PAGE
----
It was a ritual for all seasons, one that required no discussion, and even less in the way of thought or planning. We would push our chairs away from my grandparents’ dinner table, leave by the back door and enter the woods behind the horse pasture. Scraped and bloodied, we would emerge some time later into a clearing, a linear scar carved into the forest—narrow and unbroken—running east and west to both horizons.
Ascending the gravel embankment, we would fall to our knees in the shifting rocks, place our hands on the wood ties, and bend forward until our cheeks rested on the cool metal of the rail, our ears pressed to its smooth surface. And we would listen.
Through all the childhood Sunday dinners and holiday gatherings, when my cousin and I would observe our pilgrimage to the train tracks behind my grandparents’ house, I never heard the sound, the one that, as our favorite Westerns had taught us, preceded the approach of an oncoming train. But there was something else, always, a distant echo that would reach the ear as if through water or subterranean depths; maybe a whisper of electricity, or only the wind coming through the pine trees at our backs.
Or maybe it was a memory, etched in steel, of the sound that I would lay awake and listen for on summer nights, the deep animal roar and metallic clatter that would echo through the house long after the train had passed, leaving the world in its wake too silent, too still.
For someone of a certain age, from a certain place, the sound of a passing train conjures an entire world, an entire history and emotional universe that answers to no logic or sense of consequence beyond its own reality. A world of hobos and drifters, their arcane symbols scrawled on doorways and alleys, communicating a freedom barely conceivable to most. And the ghost stories: the dead conductor whose lantern light is still visible along the tracks in Maco; the screeching wheels and screaming passengers that some say can be heard each August along a railroad bridge in Statesville; and the unnumbered phantom trains and engineers that haunt our songs and literature.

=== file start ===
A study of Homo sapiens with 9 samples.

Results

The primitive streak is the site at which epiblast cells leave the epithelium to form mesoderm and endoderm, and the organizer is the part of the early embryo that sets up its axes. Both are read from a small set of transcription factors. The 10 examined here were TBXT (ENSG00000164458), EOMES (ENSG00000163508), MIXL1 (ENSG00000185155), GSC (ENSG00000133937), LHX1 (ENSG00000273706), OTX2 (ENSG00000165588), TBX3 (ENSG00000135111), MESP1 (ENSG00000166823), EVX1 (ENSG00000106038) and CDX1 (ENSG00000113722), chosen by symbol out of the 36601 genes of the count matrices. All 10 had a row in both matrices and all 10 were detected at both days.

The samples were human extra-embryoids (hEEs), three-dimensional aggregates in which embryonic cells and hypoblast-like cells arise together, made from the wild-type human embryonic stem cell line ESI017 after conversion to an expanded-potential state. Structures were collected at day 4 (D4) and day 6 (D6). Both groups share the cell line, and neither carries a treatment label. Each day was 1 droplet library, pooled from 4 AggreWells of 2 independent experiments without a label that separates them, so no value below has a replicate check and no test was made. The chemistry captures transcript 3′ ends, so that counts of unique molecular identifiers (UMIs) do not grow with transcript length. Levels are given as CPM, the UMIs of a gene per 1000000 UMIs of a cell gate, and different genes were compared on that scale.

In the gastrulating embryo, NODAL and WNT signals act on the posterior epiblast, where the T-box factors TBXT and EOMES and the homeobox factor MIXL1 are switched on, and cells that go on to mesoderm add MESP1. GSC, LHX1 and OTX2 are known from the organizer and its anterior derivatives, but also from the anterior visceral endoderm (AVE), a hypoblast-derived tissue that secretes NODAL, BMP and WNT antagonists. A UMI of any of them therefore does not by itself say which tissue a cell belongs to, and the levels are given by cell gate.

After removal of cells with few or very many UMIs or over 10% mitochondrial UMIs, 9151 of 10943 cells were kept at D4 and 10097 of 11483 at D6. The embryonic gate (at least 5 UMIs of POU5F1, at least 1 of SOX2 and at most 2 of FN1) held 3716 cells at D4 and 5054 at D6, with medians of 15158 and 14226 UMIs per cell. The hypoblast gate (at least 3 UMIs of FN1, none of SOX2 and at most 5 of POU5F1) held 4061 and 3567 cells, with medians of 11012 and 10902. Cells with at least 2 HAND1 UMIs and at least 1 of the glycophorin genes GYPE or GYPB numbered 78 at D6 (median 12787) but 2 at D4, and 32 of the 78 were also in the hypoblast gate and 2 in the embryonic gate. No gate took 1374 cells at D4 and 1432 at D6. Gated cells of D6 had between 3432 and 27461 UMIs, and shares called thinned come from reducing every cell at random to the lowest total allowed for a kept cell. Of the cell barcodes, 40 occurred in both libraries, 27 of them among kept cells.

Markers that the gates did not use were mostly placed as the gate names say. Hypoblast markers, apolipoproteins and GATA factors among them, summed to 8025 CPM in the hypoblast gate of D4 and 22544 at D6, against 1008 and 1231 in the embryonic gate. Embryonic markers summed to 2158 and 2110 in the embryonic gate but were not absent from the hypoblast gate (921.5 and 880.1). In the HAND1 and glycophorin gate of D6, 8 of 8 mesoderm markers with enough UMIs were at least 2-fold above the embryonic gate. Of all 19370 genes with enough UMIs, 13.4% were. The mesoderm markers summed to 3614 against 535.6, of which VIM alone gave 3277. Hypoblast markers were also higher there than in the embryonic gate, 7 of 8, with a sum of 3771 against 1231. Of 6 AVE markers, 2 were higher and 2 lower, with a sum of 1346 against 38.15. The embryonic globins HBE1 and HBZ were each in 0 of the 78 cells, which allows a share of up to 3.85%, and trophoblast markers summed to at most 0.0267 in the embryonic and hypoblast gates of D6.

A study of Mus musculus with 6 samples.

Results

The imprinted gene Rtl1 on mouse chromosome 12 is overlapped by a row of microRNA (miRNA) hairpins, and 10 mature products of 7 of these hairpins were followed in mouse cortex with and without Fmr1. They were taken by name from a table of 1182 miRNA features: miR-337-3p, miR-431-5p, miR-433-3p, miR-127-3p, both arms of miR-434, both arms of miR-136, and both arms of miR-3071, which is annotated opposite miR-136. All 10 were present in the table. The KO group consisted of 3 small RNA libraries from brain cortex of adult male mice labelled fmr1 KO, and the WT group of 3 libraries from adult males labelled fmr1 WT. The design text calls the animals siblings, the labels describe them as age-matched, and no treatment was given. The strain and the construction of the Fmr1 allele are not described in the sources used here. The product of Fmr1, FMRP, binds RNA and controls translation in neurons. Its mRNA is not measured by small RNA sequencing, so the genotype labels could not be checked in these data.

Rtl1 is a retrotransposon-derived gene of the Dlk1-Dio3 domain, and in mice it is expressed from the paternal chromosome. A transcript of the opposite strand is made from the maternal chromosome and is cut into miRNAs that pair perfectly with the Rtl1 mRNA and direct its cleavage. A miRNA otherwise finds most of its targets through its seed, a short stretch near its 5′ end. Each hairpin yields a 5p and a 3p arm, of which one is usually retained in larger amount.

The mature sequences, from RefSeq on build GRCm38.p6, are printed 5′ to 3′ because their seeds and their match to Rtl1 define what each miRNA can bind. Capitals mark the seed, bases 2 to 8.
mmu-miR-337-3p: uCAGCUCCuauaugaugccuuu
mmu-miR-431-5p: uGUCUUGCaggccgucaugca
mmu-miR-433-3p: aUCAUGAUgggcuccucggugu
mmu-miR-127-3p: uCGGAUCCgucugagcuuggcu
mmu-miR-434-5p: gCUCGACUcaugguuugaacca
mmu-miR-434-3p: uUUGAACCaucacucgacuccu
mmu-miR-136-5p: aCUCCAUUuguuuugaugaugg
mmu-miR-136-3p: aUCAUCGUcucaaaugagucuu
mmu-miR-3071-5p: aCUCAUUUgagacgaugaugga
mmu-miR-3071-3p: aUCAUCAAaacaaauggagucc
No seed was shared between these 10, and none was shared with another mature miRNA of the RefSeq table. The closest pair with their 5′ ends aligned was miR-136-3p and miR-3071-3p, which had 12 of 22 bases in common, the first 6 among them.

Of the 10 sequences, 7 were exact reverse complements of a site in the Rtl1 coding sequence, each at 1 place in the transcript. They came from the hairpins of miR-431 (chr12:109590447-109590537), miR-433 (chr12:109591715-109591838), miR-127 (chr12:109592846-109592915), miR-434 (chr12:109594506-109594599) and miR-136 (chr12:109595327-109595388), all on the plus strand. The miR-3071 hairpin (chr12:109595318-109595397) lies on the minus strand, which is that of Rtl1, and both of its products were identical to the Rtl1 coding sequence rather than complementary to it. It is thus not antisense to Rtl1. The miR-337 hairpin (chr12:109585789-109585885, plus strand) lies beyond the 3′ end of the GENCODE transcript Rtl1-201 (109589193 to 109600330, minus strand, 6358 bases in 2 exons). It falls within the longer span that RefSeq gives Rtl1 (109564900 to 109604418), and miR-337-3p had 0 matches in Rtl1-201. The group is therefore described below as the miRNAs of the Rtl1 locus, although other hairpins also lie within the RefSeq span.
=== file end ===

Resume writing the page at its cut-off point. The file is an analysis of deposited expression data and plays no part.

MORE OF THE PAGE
Like most legends, those surrounding railroads are tied to the grim facts of everyday tragedy, of children losing limbs while attempting to outrun or climb aboard a passing rail car; of men and women who simply give up, pull their vehicles onto the tracks, shut off the engines, and wait.
That world, the real and fantastical, can still be glimpsed in the work of photographer Mike Brodie, who spent three years riding the rails and documenting the community of young vagabonds and squatters he encountered along the way; in the stories of Central American migrants passing through Mexico on a train, known simply as “The Beast,” that has become as much a symbol of death and desperation as freedom and escape; and in the intermittent talk of restoring the once significant rail line between Wallace and Castle Hayne, part of the original Wilmington to Weldon Railroad along which rebel troops transported supplies during the Civil War.
The tracks me and my cousin once walked, as well as my grandparents’ rambling, oak-shaded home, have long since been torn from their roots and leveled, replaced with mini golf courses and storage units. They can be added to the roll of the irreplaceable and the holy recently erased and scrubbed from the world.
In all our time along the tracks, I can only recall seeing it pass once. We hid, crouched in the woods, not in fear, or not merely fear, but more precisely from some sense of awe and reverence, as if to simply stand there and gawk at the gleaming engine and graffiti-streaked freight cars would have been a show of disrespect, a betrayal of the hours we spent walking aimlessly towards the horizon, kicking rocks, balancing on the rails, and stopping, every so often, to press our ears to the cool metal, and listen.